Scot Berry and Brian Stark with the Town of Cary joined us as guest speakers for our February Governmental Affairs Committee meeting. Scot serves as Cary's Director of Planning and Development Services and Brian works as the Director of Inspections and Permits. They spoke about the continued trends they see of infill and redevelopment with only a 1.1% growth in greenfield development from January 2017 to present.
Cary continues to work on improvements to online submittals, development plan review and inspections scheduling. For example, building permits are now being submitted through the same portal as development plans. This has reduced the need for builders and developers to provide paper copies for permit submittals. Plans can be marked up digitally and emailed to the applicant. On the development side they have changed how they do comment review meetings. Now, development plan applicants can request a meeting with the Development Review Committee during any stage of the development review cycle. Previously these meetings were called Staff/Applicant meetings and typically only occurred after the first submittal of a development plan.
Scot shared some statistics with the committee showing that the number of rezonings and consequently development plans and single family lots approved have steadily decreased over the last few years. It came as no surprise when they shared the stats for the average number of reviews for development plan approvals. They are 5.9, 4.1 and 6 for major, minor and quasi-judicial reviews, respectively. Scot also shared that the average time split for these reviews was 68.68% staff time and 31.32% applicant time. When questioned on the high number of review cycles and length of time it took to get through a rezoning, there only seemed to be an affirmation that such was true, no suggestion that efforts were being made to try and cut those times down.
Brian then took the helm to share information on building permits. Cary issued 1,084 new residential single-family permits and 1,635 residential additions/alterations in 2018. When compared to the last 5 years, residential permits were slightly down in 2018. He indicated that they are on schedule with plan review for new residential permit issuance at 10 business days and residential addition/alteration plan review and permit issuance at 7 business days.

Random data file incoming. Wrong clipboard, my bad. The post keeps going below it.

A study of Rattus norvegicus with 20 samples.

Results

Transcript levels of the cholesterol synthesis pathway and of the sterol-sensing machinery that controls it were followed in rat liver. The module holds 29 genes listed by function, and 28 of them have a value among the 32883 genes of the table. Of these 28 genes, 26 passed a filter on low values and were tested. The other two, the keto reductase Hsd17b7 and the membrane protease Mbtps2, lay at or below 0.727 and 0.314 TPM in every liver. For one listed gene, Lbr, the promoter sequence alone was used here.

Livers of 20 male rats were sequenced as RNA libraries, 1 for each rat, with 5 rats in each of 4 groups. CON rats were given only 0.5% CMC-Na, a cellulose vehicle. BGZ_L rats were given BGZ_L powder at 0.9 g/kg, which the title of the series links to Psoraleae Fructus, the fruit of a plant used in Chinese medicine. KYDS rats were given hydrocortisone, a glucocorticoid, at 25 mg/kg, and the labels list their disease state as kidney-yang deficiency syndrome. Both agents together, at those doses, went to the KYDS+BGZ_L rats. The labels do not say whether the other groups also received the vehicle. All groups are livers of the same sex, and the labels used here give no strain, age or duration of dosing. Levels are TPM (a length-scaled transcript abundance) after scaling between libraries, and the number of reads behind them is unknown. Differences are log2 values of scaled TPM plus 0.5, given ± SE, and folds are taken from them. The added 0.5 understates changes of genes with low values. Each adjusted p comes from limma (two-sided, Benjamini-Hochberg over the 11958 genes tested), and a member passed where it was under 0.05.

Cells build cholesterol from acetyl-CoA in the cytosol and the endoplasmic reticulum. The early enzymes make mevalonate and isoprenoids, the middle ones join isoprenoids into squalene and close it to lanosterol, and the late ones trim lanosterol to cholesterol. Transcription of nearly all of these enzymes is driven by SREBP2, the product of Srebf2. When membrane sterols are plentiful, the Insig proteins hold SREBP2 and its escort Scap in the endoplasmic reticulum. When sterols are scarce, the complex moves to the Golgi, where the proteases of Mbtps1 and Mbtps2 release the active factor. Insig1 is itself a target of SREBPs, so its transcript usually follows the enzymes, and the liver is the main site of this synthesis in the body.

The last part of their presentation touched on House Bill 948 and the changes they were making to comply with the bill. As it pertains to the alternate inspection method for a component or element of the construction project by a licensed architect and/or engineer, the Town is finding that the letters of verification are missing important details. Consequently, they are looking at the NCDOI's guidance paper for direction and DOI who is in the process of developing a standard form to be used.
As for the part of the bill discussing "complete" inspections, the Town was initially concerned with how this would affect their metrics and business flow. However, they have responded by establishing a training session of the most commonly found "problem" items and have already held one very successful class. The Town is also relying on the reporting to DOI for framing inspections with 15 or more violations as being a disincentive for builders which in turn will encourage them to ensure they are ready for inspection when it's called in. Lastly, the Town is piloting remote re-inspections to see if that can aid them in meeting the requirement for inspections to be performed within two business days of the request.
Throughout Scot and Brian's presentation, questions were asked and great dialogue ensued. During the Q&A session we were sure to bring up some items that have risen to the top for our membership. One such concern involved house wrap inspections. Apparently there has been some question over whether this inspection was being portrayed as required or voluntary. We have been assured by Scot and Brian that it is in fact voluntary and some great suggestions were made during the meeting to help clear up communication in the future.
Lastly, we discussed the requirement the Town of Cary is placing on the developer to bury power lines outside of the subdivision. These are not new power lines, but may be power poles that need to be moved during road or sidewalk work for the subdivision. The legislative authority states, "Section 9.3. Underground utilities. In addition to the powers now or hereafter granted to municipalities by law, the Town Council by ordinance may require that all utility or other pipes, wiring, conduits, cables, and fixtures installed after the adoption of such ordinance within the planning and zoning jurisdiction of the Town be installed underground, whether or not the same are installed in public rights-of-way." They are hanging their hat on the word "installed" given that it doesn't specify new or old (re-installed). In a nutshell, if you have to move existing utility poles, then they are requiring you to bury the lines, otherwise you don't have to bury them.